Hurricanes may cause more pain for pandemic-hit insurers

“What we’ve seen over the past couple of years is an increase of (storm) losses from a frequency and severity perspective,” said Susan Fallon, global head of Property at Zurich Insurance Group. “There’s an expectation we will see increased rates.” Lloyd’s of London this month forecast more than $100 billion in underwriting losses from the pandemic in 2020, with those losses coming before the hurricane season even gets going. The specialist insurance market said the pandemic losses were similar in size to the loss year of 2005 – when Hurricane Katrina hit New Orleans – and 2017 – when Hurricanes Harvey, Irma and Maria hit Florida, Puerto Rico and Texas.

 

London:
The official start of the Atlantic hurricane season on Monday could signal more steep losses for insurers and reinsurers, already battered by the impact of the coronavirus pandemic on their underwriting and investment positions.

 

However, recent years of hefty damage from hurricanes and high claims due to the pandemic mean property rates at a key June 1 renewal date are expected to get pushed up by as much as 50%, providing an income boost.
 

Meteorologists are forecasting that the Atlantic 2020 hurricane season, which officially finishes on Nov. 30, will be above average.

 

“What we’ve seen over the past couple of years is an increase of (storm) losses from a frequency and severity perspective,” said Susan Fallon, global head of Property at Zurich Insurance Group.

 

“There’s an expectation we will see increased rates.”

 

Lloyd’s of London this month forecast more than $100 billion in underwriting losses from the pandemic in 2020, with those losses coming before the hurricane season even gets going.
 

The specialist insurance market said the pandemic losses were similar in size to the loss year of 2005 – when Hurricane Katrina hit New Orleans – and 2017 – when Hurricanes Harvey, Irma and Maria hit Florida, Puerto Rico and Texas.

 

Those hurricane years were exceptional but this year could also be costly.

 

The National Oceanic and Atmospheric Administration (NOAA) sees 13-19 named storms of which 6-10 could become hurricanes.

 

The average hurricane season produces 12 named storms and six hurricanes, three of which are major.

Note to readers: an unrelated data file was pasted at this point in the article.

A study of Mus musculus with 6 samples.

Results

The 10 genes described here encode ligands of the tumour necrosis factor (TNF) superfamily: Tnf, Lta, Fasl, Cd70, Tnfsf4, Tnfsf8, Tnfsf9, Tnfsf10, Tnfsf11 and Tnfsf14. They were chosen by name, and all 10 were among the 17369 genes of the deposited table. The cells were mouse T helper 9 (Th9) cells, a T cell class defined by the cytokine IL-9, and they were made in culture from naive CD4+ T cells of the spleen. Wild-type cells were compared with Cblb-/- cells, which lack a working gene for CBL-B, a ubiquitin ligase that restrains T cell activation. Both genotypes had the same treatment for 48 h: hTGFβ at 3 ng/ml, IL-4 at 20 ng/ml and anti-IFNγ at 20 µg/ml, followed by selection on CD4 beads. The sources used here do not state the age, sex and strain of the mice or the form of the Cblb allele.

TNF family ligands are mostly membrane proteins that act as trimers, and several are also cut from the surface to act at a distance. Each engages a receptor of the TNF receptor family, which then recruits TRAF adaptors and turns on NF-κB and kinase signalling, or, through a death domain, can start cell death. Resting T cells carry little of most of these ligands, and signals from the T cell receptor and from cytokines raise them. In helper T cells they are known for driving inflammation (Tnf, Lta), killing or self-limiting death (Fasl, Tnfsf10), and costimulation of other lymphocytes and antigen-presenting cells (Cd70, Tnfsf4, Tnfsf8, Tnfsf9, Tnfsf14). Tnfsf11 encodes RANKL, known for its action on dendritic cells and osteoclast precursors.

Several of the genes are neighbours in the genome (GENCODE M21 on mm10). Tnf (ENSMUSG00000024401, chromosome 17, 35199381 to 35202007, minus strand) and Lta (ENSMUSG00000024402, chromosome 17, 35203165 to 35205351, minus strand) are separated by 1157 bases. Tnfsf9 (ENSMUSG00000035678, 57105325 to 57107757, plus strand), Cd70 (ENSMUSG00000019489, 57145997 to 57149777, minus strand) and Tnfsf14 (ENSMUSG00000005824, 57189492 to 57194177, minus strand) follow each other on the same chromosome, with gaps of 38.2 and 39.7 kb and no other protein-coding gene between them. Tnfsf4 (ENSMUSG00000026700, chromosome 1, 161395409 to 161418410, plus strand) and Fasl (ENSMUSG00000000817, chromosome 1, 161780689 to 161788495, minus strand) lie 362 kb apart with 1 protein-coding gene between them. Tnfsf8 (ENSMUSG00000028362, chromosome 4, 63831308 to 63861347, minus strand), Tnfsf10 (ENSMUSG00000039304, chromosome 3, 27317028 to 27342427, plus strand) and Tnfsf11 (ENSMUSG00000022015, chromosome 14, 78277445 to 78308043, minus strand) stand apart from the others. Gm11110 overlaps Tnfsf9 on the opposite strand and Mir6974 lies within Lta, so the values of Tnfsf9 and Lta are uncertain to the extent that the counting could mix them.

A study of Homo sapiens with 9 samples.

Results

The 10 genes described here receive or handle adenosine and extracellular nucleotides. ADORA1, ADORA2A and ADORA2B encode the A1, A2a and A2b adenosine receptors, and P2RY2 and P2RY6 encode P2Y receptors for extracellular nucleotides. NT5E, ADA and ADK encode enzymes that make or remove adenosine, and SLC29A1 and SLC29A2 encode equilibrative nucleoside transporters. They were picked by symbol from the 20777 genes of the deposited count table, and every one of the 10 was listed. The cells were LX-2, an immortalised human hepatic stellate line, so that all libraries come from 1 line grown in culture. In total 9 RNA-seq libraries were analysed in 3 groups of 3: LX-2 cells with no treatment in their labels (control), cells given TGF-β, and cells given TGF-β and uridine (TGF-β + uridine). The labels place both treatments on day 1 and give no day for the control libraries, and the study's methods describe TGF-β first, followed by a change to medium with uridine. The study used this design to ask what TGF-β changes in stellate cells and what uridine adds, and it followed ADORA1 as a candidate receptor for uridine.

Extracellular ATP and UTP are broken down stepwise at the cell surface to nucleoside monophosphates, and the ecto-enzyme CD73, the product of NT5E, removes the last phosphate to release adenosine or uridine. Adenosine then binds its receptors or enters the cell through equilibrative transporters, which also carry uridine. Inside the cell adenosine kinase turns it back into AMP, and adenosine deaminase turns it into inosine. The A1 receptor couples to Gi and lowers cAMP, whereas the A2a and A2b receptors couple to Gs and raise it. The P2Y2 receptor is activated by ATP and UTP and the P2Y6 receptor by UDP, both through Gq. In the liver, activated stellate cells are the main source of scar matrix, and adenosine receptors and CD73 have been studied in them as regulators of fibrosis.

The exact impact of hurricanes is always difficult to determine as many do not make landfall.

 

But the average for insured losses from natural catastrophes globally is $75 billion over the past 10 years, according to reinsurer Swiss Re.

 

Climate change has led to greater flood damage from hurricanes, and increased building of expensive properties in states such as Florida has also added to the size of claims, industry sources say.

 

KBW analysts said in a note that reinsurance rates in Florida could rise 25-45% on June 1, with the underwriting and investment losses from COVID-19 “heightening risk sensitivities” and contributing to the rise.

 

Reinsurers share the burden of large losses like hurricanes in return for part of the premium. Insurers typically pass at least part of the reinsurance rates they pay onto policyholders.

 

“We’ve seen rates for Florida renewals accelerate quite a bit,” said Chris Grimes, a director at Fitch Ratings. Rate increases were in the 20-40% range, or up to 50% for some insurers, Grimes said. Analysts at JMP Securities expect rate rises of 25-35%.

 

The rate rises could sweeten the pill for insurers and reinsurers, which also face $100 billion in investment losses this year, according to Lloyd’s’ estimates.

 

But the impact of the pandemic is also expected to exacerbate hurricane losses.

 

Medical facilities and other businesses might take more precautions in advance of a storm, adding to the cost of claims, Karen Clark, co-founder and CEO of catastrophe modeling firm Karen Clark & Co. said.

 

Reinsurer Munich Re highlighted added risks from the pandemic to response and recovery, supply chains and coastal evacuations.

 

The Bahamas would be particularly vulnerable, Munich Re said, as it continues to deal with last year’s Hurricane Dorian, while the pandemic has also hit its tourist industry.